How to Fix an Error on Your Credit Report

By: Timothy McFarlin | Published: September 30th, 2011 | Category: Bankruptcy

If you have recently filed bankruptcy, and your debts have been officially discharged, it is a good idea to order a copy of your credit report to check for errors. Even if you have not filed for bankruptcy, you might want to look over your credit report if you have been denied credit to ensure that all of the information is accurate. Not only are mistakes on your credit report going to be a problem for your credit score, but nowadays landlords, utility companies, cell phone companies, and insurance companies have been known to check your credit report before doing business with you. Some credit cards companies will even raise your interest rate if they find out that you have been late paying a bill to someone else.

Get a Copy of Your Credit Report

You can obtain a free copy of your credit report once a year from one of the three credit reporting bureaus Equifax, Experian, or TransUnion. Just go to AnnualCreditReport.com to request a free copy of your report.

Contact the Credit Reporting Bureaus or the Creditor

Most of the credit reporting bureaus have an online form that you can use to start the process of reporting errors on your credit report. Some prefer you to send your information by mail. Check what the preference is with the specific credit bureau you want to contact. Some people find it is more efficient to contact the creditor directly to correct the misinformation, and then tell the credit bureau to update your credit report with the correct information. It’s okay to call your creditor, but back up each phone call up with a certified letter summarizing the call. Send that letter to the person that you spoke to, and the credit-reporting agency.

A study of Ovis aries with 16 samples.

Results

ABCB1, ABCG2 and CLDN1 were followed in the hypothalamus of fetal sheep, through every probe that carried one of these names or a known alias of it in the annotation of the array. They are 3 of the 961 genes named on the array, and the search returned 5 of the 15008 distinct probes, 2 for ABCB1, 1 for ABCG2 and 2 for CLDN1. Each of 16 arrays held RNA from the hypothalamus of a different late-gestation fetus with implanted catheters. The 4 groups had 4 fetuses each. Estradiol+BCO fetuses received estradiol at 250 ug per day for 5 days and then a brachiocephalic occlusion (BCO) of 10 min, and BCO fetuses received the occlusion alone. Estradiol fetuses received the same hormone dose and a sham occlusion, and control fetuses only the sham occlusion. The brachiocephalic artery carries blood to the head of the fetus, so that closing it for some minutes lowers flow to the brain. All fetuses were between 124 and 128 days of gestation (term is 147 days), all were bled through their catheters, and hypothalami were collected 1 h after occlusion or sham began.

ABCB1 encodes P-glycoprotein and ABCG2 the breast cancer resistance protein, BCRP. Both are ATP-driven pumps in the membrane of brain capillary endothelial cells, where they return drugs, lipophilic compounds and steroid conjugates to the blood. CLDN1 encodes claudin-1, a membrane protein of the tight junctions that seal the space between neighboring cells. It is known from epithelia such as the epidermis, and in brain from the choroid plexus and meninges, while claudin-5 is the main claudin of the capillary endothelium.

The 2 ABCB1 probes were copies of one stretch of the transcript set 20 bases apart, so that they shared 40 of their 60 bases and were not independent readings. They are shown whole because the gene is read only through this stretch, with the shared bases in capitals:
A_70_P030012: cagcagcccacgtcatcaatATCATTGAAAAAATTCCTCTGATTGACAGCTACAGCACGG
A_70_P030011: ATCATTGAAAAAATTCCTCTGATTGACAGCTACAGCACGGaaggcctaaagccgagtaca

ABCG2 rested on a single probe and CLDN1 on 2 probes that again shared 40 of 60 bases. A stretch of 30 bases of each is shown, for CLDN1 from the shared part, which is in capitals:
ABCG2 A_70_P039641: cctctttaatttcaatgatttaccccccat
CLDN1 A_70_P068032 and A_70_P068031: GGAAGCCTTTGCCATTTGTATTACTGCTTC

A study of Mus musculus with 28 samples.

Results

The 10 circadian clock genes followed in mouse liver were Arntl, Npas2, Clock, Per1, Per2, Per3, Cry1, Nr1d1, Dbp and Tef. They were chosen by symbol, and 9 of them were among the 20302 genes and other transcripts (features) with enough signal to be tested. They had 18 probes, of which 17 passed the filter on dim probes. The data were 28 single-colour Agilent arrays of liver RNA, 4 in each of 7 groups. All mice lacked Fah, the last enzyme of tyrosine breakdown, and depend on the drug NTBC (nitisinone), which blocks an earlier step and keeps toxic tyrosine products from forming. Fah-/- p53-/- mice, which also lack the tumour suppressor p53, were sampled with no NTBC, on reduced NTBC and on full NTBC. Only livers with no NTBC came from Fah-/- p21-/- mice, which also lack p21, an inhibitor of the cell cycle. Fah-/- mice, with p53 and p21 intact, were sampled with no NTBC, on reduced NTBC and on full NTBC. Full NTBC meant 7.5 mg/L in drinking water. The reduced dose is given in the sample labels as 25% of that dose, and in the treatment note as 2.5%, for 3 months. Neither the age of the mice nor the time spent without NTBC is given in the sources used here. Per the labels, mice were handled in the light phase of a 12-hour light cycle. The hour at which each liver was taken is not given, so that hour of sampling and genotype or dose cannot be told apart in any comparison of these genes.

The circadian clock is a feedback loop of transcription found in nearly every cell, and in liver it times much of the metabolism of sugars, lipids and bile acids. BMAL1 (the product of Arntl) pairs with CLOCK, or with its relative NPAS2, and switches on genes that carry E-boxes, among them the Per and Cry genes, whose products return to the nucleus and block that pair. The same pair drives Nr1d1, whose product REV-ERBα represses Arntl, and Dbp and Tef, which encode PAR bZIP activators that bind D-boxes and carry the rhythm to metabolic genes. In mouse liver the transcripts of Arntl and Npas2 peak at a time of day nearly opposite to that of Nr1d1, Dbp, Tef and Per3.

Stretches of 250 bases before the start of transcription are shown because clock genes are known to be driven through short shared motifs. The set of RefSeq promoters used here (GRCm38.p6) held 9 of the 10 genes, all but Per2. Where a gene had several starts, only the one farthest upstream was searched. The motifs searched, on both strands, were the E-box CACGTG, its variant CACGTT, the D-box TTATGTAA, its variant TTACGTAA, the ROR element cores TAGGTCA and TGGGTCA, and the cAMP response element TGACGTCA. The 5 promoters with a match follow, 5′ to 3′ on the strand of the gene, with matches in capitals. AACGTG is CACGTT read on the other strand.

“First of all, I would send the creditor a certified letter disputing the inaccuracies and send a copy to the credit bureau, with any pertinent documents to prove that it’s inaccurate,” Richardson says.

Keep Good Records

Write down the date, time, and to whom you spoke to regarding the errors in your credit report. Denise Richardson, a consumer advocate says to “Keep track of it in a phone log, in a daybook or a diary.” “It doesn’t stop inaccurate credit reporting, but it’s allowed in court if it has to go that far. It’s a record that’s taken at the time things are happening, and a court won’t call it hearsay.”

Stay Calm

Correcting errors on your credit report can be a tedious task. It might take some time, and you will be expected to provide proof that these mistakes are in fact mistakes. Make sure you stay calm and professional when you are talking to the credit reporting agencies.

Confirm the Errors

If you the errors you found on your credit report have been corrected, you will want to obtain a copy of the UDF, or universal data form. This is a document that your creditor transmits to the credit bureaus to update your report. The UDF tells the credit bureau if there are any changes to your report such as, a payment history change, a balance update, an update of your current status, or a deletion due to an error or some other reason. It is also a good idea to have them send a copy of the UDF to all of your creditors. If the error is confirmed by your creditor they are required to notify all the major credit bureaus so they can make the corrections.

“If you get a creditor on the other line saying, ‘Yes, I’ll correct it,’ say, ‘Will you send me something confirming that?'” Richardson says.